Will Payment Cards become Obsolete - No Not Mobile!

Jul 26, 2014
Posted by: David

Most articles with a headline like this normally then go on to state that the world is going mobile, we will soon all be making mobile payments for all our transactions, the wallet is dead. Putting aside the fact that Apple and others have still to give me a mobile phone with a battery that last a full day – it gets hard to pay for things when the battery is flat, putting aside that currently I am limited to circa £20 for any single transactions, I just don’t want to as they say put all my eggs in one basket. Lose my phone and I am totally stuffed, can’t pay to get home or call the wife/girlfriend to pick me up! – really stuffed. And as for the rest of the world whilst if you look at the number of mobile phones compared to the global population we all have one, unfortunately less than 50% of the land mass has mobile reception!

However, what perhaps is more interesting is the global market for National Electronic ID (eID) programs in circulation will double from 1.75 billion to 3.5 billion - almost half the world's population - Acuity Market Intelligence.
Asia, with its vast population, will dominate the market representing nearly 70% of all National eID cards issued and this is also one of the key regions where huge payments growth is forecast by many.
Acuity considers National eID programs in the following categories:
• Category 1: Chip or Optical storage based National ID card with or without biometrics;
• Category 2: A Traditional or non-chip based ID card leveraging biometrics to ensure each cardholder is uniquely identified;
• Category 3: A biometric based centralized registry that issues a unique identity number for the enrolled population.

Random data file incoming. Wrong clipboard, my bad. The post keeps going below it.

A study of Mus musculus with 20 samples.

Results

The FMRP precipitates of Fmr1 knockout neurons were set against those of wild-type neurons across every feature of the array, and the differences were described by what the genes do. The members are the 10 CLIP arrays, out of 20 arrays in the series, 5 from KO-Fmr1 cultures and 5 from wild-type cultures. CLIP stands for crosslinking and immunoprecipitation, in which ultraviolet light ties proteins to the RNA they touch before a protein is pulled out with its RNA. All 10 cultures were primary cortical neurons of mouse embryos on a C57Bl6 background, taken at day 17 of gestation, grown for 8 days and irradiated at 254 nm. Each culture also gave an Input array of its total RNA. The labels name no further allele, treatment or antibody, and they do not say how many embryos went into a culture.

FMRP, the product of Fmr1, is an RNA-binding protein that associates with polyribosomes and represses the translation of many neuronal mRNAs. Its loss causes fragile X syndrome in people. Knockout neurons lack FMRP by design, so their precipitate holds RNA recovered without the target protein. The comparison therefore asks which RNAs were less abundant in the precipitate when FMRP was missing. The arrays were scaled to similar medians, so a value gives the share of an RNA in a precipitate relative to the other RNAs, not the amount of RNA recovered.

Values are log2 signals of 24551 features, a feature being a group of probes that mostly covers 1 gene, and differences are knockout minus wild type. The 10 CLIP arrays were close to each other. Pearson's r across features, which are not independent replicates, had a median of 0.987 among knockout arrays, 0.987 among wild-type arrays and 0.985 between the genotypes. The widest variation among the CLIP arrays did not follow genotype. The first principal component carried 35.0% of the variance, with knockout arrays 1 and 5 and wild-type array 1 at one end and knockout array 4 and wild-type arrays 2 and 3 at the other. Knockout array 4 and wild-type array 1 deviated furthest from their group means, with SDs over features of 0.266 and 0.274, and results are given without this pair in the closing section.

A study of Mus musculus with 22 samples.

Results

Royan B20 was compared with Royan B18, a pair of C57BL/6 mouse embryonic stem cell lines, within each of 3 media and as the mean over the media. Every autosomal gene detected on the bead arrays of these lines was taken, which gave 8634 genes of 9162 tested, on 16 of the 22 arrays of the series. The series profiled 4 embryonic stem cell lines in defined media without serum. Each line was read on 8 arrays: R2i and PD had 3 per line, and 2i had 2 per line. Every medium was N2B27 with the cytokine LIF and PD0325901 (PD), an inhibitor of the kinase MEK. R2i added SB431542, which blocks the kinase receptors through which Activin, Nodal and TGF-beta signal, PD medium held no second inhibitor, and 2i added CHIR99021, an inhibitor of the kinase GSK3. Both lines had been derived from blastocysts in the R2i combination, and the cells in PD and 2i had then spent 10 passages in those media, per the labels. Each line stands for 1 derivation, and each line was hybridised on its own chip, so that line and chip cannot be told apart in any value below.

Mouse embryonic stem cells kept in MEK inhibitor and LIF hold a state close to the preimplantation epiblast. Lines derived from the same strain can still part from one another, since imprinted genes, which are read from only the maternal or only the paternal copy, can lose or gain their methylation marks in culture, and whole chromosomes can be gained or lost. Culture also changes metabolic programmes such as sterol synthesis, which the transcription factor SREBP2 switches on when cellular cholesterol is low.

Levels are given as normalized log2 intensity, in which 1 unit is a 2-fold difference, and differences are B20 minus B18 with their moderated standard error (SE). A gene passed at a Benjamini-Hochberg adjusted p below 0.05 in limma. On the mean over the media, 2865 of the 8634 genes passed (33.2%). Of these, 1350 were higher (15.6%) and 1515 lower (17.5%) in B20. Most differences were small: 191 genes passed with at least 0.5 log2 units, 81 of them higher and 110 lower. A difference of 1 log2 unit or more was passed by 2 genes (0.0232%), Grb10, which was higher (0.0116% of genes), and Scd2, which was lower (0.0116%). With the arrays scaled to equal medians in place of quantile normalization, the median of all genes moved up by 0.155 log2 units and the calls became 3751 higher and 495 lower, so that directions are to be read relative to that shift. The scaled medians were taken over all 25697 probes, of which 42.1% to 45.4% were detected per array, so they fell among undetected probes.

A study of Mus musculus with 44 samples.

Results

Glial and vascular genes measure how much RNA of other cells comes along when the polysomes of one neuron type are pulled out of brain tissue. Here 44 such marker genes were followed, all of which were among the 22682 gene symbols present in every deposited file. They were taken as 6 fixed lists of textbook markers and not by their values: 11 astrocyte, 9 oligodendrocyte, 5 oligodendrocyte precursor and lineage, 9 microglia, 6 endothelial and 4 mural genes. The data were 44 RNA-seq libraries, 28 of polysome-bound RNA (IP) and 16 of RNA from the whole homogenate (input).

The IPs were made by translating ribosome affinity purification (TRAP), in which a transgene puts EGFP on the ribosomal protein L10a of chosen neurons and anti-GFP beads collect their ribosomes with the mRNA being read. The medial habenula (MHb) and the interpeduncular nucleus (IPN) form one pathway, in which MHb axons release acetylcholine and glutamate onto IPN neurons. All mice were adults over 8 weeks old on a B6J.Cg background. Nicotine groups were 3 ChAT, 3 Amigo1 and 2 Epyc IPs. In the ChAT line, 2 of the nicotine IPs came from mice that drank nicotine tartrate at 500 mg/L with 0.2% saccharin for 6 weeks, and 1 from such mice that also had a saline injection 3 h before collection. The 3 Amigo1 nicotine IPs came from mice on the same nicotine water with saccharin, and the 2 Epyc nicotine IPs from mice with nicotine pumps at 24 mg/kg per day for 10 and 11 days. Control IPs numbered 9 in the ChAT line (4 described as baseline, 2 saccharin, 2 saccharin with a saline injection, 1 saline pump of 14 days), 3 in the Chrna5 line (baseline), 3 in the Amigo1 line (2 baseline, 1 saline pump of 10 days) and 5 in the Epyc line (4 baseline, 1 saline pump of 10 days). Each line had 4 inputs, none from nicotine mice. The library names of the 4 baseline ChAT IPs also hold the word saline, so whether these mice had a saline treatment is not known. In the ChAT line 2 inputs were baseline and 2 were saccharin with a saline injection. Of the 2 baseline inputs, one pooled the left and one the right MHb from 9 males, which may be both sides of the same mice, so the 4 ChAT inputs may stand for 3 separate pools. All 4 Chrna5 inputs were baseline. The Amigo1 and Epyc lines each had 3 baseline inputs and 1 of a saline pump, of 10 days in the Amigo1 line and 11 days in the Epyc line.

Report revenues include the revenues from all three categories whereas the actual National eID card unit count only includes chip-based or optical storage cards.
Number of Programmes

Thus what we see in a continuing increase in National ID programmes that are starting to hold biometric data with in addition to the 3.5 billion chip-based National eIDs issued by these 95 countries, another 300 million National ID cards will be issued by 31 countries that have integrated biometrics into non chip-based card programs.

If we consider this along the announcement in May 2013 that The Nigerian National Identity Management Commission (NIMC) and MasterCard today will roll-out of 13 million MasterCard-branded National Identity Smart Cards with electronic payment capability as a pilot program. We see potentially the future.
As part of the program, in its first phase, Nigerians 16 years and older, and all residents in the country for more than two years, will get the new multipurpose identity card which has 13 applications including MasterCard’s prepaid payment technology.
The new National Identity Smart Card will incorporate the unique National Identification Numbers (NIN) of duly registered persons in the country. The enrollment process involves the recording of an individual’s demographic data and biometric data (capture of 10 fingerprints, facial picture and digital signature) that are used to authenticate the cardholder and eliminate fraud and embezzlement. The resultant National Identity Database will provide the platform for several other value propositions of the NIMC including identity authentication and verification. Upon completion of the National ID registration process, NIMC aims to introduce more than 100 million cards to Nigeria’s 167 million citizens.

Yes there will be technical challenges and we have still to see this programme roll out but in theory the ability in many emerging markets to combine an ID with a payment card must be a logical one. After all the result is almost 100% financial inclusion. And even in developed markets a recent survey by TSYS in North America consumers recognised the need to combine with ID into their digital payment wallet as a key benefit the require.
Thus if governments are starting to roll out physical biometric chip based ID cards surely a logical step will be more of them may roll out with payments on. Thus my ‘payment card’ will become obsolete as I have combined payment and national ID card in many countries.